September, 2016


If someone claiming to be a government official or law enforcement officer calls making threats such as deportation, beware! Hang up and report it!

Here’s How it Works

A number appears on your caller ID that may look like a legitimate government number. When you answer, the person on the phone poses as a USCIS or other government official or law enforcement officer.The scammer will say that there is a problem with your application or additional information is required to continue the immigration process. Then, they will ask for personal and sensitive details and may demand payment to fix problems. The scammer may tell you to make a money transfer or go to a store to purchase a money order, voucher or make some other type of money exchange, payment or withdrawal. They may threaten you with deportation or other negative consequences if you do not pay.

If you receive a call like that, we urge you to hang up immediately. 

We will never ask for any form of payment over the phone or in an email. If we need payment, we will mail a letter on official stationery requesting payment. Do not give payment over the phone to anyone who claims to be a USCIS official. In general, we encourage you to protect your personal information and not to provide details about your immigration application in any public area.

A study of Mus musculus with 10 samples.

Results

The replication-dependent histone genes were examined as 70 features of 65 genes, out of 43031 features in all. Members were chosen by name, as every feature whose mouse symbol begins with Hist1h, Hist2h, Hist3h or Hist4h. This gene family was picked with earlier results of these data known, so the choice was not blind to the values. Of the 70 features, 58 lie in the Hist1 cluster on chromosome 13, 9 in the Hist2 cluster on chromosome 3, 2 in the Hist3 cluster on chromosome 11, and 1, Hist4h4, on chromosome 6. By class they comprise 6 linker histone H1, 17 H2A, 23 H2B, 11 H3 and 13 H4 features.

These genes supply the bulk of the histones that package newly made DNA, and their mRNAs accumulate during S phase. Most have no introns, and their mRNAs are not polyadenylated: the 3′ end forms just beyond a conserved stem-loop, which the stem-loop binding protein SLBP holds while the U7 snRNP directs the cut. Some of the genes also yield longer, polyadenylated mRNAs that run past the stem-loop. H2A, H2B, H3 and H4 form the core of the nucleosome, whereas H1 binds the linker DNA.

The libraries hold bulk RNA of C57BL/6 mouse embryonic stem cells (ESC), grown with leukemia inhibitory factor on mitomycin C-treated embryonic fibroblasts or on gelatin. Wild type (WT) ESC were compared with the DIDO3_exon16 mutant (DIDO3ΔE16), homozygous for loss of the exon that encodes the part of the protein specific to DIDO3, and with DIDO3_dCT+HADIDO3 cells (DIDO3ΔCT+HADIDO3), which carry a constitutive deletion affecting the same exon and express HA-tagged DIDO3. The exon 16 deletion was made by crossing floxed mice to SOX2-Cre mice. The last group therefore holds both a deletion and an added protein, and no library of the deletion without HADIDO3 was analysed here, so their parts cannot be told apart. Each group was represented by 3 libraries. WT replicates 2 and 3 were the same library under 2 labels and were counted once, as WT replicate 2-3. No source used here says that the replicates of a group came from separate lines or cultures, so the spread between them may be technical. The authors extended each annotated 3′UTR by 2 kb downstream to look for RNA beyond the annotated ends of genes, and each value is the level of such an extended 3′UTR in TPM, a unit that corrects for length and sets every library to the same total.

If you have been a victim of this telephone or email scam, please report it to the Federal Trade Commission athttp://1.usa.gov/1suOHSS. If you receive a suspicious email or voice message and are not sure if it is a scam, forward it to the USCIS webmaster at uscis.webmaster@uscis.dhs.gov. We will review the messages received and share with law enforcement agencies as appropriate. Visit the Avoid Scams Initiative at uscis.gov/avoidscams for more information on common scams and other important tips.